Japan Geoscience Union Meeting 2016

Presentation information


Symbol H (Human Geosciences) » H-GG Geography

[H-GG13] Use and management of natural resources and environment

Wed. May 25, 2016 1:45 PM - 3:15 PM 101A (1F)

Convener:*Gen Ueda(Graduate School of Social Sciences, Hitotsubashi University), Yoshinori OTSUKI(Institute of Geography, Graduate School of Science, Tohoku University), Chair:Yoshinori OTSUKI(Institute of Geography, Graduate School of Science, Tohoku University), Gen Ueda(Graduate School of Social Sciences, Hitotsubashi University)

1:45 PM - 2:00 PM

[HGG13-01] Impact of the 2011 Japan earthquake and tsunami on the marine leasure use and indirect effect on the coastal ecosystem: a case study in inner Tokyo Bay.

*Takehisa Yamakita1, Yoshimi Matsuoka1, Shinpei Iwasaki2 (1.Japan Agency for Marine-Earth Science and Technology, 2.Fukuoka Women’s University)

Keywords:Great East Japan Earthquake 2011, human behavior, marine leisure use, shellfish gathering, tourism statistics, Tokyo Bay

From a historical viewpoint, there has been a close interrelationship between human activity and the natural environment in coastal areas. Most large cities were built in coastal areas and benefitted from the natural resources there, including living aquatic species, and water-oriented transportation. Although there was no special attention paid to such a human–nature relationship during the era of high economic growth, it has recently been revaluated and better understood. These relationships were also emphasized in the Intergovernmental Platform on Biodiversity and Ecosystem Services (IPBES), which was established to mainstream biodiversity conservation and build a sustainable society after the decision of the 10th Conference of Parties of the Convention on Biological Diversity (CBD-COP 10) in 2010 and the 2007 meeting of the G8+5 Environment Ministers in Potsdam, Germany.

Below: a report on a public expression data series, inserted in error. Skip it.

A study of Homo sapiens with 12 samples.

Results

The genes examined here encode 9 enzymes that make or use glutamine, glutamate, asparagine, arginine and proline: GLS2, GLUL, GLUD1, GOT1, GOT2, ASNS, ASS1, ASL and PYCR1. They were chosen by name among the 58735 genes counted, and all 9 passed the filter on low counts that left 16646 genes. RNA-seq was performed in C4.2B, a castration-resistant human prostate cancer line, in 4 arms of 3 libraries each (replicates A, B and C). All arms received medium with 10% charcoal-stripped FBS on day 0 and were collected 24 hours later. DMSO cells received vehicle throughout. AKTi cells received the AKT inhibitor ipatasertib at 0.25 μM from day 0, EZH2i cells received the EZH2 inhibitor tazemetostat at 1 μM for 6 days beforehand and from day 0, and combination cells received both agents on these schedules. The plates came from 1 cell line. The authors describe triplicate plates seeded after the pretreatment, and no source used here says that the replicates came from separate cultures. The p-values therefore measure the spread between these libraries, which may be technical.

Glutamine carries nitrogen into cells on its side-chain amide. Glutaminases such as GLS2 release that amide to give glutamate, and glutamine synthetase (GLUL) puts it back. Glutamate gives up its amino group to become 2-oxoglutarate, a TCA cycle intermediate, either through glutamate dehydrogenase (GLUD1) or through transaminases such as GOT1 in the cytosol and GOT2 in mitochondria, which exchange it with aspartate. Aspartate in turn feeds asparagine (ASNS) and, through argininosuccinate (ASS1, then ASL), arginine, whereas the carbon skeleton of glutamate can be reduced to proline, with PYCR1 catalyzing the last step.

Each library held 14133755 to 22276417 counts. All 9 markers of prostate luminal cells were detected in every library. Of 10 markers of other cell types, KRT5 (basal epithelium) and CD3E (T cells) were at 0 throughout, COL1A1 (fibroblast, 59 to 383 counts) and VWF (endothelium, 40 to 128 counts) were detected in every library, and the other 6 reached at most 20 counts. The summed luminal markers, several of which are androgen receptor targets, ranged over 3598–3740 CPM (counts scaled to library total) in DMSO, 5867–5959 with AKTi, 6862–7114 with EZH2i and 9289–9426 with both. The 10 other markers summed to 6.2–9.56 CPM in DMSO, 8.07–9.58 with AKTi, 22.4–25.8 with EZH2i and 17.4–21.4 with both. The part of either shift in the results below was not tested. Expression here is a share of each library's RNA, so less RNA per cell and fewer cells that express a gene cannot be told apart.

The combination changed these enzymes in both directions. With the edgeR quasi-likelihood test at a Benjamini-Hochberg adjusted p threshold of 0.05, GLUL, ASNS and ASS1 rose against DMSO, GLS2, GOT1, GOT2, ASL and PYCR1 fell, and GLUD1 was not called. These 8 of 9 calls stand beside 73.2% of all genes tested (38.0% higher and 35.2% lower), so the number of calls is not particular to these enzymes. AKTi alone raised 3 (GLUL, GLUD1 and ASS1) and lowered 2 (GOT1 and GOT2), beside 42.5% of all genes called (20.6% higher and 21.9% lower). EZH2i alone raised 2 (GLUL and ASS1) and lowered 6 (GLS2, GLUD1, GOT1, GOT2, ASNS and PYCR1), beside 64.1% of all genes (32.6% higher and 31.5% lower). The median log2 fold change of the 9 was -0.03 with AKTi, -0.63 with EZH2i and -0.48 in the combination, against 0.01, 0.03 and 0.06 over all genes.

However, damage from the 2011 earthquake and tsunami in Japan might have damaged those relationships. In order to investigate the effects of the earthquake and tsunami on the use of tidal flats, we used questionnaires to evaluate changes in the number of users for each type of usage of the Sanbanze tidal flat at the innermost part of Tokyo Bay.
As a result, we found that clamming and walking or jogging were the most common uses of the survey area. However, clamming activity decreased after the earthquake. The decrease was confirmed by a field survey, which also showed a greater decrease in the number of visitors (80% decrease) than that suggested by the questionnaires (64%). Many people were anxious about the seawall failure and about land liquefaction, which physically damaged infrastructure. Because other regions showed similar trends in attitudes and usage, we suspect the ultimate cause of the anxiety caused by physical damage which spread universally.Correspond to the change of the human use larger sized Japanese littleneck clam are increased. However the number was decreased subsequently.